The Obama administration, acting through the Office of Civil Rights, has made a terrible mess out of sexual misconduct hearings on our campuses, but it did one good thing without thinking much about it: it targeted one university—Yale—for regular reports on how it dealt in sexual assault hearings.
The reports, released by Deputy Provost Stephanie Spangler, are bare-boned and hardly meant to be informative, but they have included enough information to demonstrate the fundamental unfairness of Yale’s procedures and the witch hunt atmosphere that has permeated the campus. Perhaps for this reason, OCR has avoided instituting a reporting requirement like Yale’s on any other institution.
Recently, Yale’s dubious policies came under higher-than-usual scrutiny, thanks to a perceptive Wall Street Journal op-ed from Jennifer Braceras—who correctly noted that the accused enjoyed far more rights under the notorious Star Chamber than they do in Yale’s sexual assault disciplinary tribunals. Jack Montague, Braceras noted, discovered first-hand just how unfair Yale’s procedures could be.
He had no right to direct cross-examination, no right to have a lawyer fully participate in the process, and received a judgment from a “trained” panel that seemed predisposed to find guilt. He also was charged in seeming violation of Yale guidelines, which (as Spangler explained at the time) did not apply to cases like Montague’s, where the accuser declined to file a complaint.
Braceras’ op-ed generated a response, from Yale professor David Post, an aquatic ecologist who chairs the University-Wide Committee on Sexual Misconduct (UWC). Post deemed Braceras’ comments an “affront” to him, noted that many Yale cases end with no punishments, and gushed about “Yale’s multilayer process,” which “allows parties to submit and respond to evidence, engage legal counsel, submit questions for a hearing panel to ask the other party and file an appeal to the university’s highest levels. Each complaint is investigated by an outside fact-finder.”
According to Professor Post, “Yale’s process is honest, fair, transparent and respects privacy.”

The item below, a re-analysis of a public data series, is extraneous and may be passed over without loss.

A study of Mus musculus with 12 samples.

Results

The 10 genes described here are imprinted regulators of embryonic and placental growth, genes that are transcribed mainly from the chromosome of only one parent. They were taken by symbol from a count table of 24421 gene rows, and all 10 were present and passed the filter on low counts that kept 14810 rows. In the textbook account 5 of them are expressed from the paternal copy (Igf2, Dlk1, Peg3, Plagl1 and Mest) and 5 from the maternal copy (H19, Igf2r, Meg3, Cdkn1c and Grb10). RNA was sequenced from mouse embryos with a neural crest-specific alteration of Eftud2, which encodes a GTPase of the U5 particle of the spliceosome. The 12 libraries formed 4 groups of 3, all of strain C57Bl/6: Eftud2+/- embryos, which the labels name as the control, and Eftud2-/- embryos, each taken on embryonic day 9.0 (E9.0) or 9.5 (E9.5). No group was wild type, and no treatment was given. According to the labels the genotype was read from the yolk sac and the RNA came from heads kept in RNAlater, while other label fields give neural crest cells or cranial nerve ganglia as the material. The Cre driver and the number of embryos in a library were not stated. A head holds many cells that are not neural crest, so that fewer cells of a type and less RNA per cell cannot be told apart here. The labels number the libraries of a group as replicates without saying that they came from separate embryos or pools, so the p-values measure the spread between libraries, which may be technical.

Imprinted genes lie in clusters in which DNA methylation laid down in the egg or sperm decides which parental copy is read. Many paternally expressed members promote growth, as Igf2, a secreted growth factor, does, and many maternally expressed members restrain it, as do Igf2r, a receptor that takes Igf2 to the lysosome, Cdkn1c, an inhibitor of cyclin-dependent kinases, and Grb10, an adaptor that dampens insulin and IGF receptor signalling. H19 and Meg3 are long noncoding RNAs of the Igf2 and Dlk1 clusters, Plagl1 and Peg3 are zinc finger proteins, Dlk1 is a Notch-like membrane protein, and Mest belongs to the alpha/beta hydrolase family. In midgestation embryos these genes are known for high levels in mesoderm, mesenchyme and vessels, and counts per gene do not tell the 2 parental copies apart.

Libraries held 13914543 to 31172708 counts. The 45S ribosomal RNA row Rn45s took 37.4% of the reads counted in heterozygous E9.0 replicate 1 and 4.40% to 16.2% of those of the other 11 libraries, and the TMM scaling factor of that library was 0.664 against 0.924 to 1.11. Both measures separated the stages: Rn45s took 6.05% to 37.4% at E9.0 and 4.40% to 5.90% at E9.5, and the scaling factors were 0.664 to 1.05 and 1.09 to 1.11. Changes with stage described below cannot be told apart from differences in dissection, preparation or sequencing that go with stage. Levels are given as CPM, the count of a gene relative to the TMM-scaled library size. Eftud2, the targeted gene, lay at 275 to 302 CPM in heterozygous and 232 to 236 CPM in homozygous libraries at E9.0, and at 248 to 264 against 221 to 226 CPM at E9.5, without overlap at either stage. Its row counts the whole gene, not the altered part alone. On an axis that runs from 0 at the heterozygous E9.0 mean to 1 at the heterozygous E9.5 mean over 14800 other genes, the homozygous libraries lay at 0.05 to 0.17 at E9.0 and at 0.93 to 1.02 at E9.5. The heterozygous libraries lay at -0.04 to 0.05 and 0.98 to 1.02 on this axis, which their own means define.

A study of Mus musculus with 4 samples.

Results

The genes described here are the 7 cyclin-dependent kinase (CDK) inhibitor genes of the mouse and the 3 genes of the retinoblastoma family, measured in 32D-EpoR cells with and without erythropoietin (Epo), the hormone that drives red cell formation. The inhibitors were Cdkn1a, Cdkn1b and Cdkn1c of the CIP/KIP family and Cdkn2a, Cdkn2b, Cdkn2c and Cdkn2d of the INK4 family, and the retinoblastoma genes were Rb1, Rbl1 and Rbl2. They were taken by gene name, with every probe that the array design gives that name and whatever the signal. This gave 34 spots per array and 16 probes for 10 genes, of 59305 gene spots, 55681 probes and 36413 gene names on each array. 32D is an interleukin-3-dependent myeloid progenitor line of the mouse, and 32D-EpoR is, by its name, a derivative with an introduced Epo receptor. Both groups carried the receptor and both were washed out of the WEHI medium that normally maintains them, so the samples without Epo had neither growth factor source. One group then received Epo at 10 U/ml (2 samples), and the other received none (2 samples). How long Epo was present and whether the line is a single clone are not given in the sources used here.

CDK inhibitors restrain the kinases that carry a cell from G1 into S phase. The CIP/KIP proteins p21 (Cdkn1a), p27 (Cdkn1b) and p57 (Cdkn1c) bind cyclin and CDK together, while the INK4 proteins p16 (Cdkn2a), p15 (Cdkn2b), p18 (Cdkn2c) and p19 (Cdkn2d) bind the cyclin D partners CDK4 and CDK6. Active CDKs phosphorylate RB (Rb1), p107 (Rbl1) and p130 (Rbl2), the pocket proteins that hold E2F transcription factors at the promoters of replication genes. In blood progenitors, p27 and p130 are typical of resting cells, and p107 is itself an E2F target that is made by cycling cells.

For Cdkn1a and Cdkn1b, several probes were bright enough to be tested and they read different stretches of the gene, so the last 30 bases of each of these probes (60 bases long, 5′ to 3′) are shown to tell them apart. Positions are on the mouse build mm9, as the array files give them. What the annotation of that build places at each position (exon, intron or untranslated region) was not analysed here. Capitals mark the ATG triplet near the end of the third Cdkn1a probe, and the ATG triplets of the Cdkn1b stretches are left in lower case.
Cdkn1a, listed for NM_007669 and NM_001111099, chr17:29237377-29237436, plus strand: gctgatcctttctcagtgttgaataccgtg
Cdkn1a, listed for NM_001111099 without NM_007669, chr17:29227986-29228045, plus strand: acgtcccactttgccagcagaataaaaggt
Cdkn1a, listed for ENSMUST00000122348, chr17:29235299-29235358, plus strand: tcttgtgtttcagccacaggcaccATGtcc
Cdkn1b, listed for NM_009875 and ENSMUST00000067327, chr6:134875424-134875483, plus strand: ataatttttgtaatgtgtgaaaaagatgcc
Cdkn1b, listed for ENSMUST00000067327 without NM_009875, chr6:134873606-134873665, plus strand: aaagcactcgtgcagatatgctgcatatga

First of all, here’s a statement on the Montague lawsuit, offered to the Hartford Courant, by a Yale public relations staffer: “Yale always respects the privacy and confidentiality of all students involved in a disciplinary process. Yale’s procedures for addressing allegations of sexual misconduct are thorough and fair. Allegations are investigated by an impartial fact finder, heard by five trained members of the Yale community, and decided by the accused student’s dean.
Throughout the process, all parties have advisers, which can be legal counsel, and they can appeal a decision.” Previous Yale statements also had stressed the fact that not all accused students are found guilty (citing the same statistics as Post), in following the outlines laid out by Judge Furman’s opinion in the Columbia case. Apparently, no one told Post that the Second Circuit had overruled Furman.
The remarkable similarities between the earlier Yale publicity statement and Post’s letter—which ostensibly contains his own words, and reflects his own thinking, not that of a Yale public relations officer—raises some questions about the professor’s “honest[y].”
As to the other qualities of Yale’s procedures: I’m sure that Montague—like Patrick Witt before him—was surprised to discover Yale’s commitment to respecting “privacy.” Indeed, after Montague left the team, Yale’s Women’s Center released a statement “speculat[ing]” that “it seems that a survivor felt that coming forward was a viable option and that they got the decisive outcome that they likely fought hard for.”
The claim of transparency also intrigues. This assertion was the major difference between Professor Post’s letter and the earlier statement from Yale’s p.r. office (which, wisely, made no mention of the concept). It’s not clear why Professor Post added the claim since Yale’s process is anything but transparent. It’s closed to the public. The university has refused to release the “training” all UWC members receive. And Yale makes no promise to share with the accused students all the evidence the purportedly independent “fact finder” uncovers.
As for the claim of Professor Post—and Yale’s spokesperson—that the university’s process is “fair”: even as last year’s protesters demanded a more “diverse” English fare, it seems that Orwell is alive and well on the New Haven campus.
One thought on “Yale Defends Its Star Chamber Hearings”
It is tempting to say that Ms. Braceras committed a microaggression against Professor Post. However, the matter is too serious to leave it at that. In the Montague case the accuser’s statement is now available publicly, and it confirms that the accuser was told things about Mr. Montague’s disciplinary record that she had no business knowing. Moreover, what she was told was highly misleading.
With respect to campuses that limit the ability of the accused to cross-examine the complaining witness (as many of them do), I found a passage from Paul Giannelli’s chapter on the Duke lacrosse case (in the book Race to Injustice) enlightening. A judge said words to the effect that DNA evidence was the most significant advance in the criminal justice system since the advent of cross-examination. That is a compliment to DNA evidence, but it also says a great deal about the importance of cross-examination.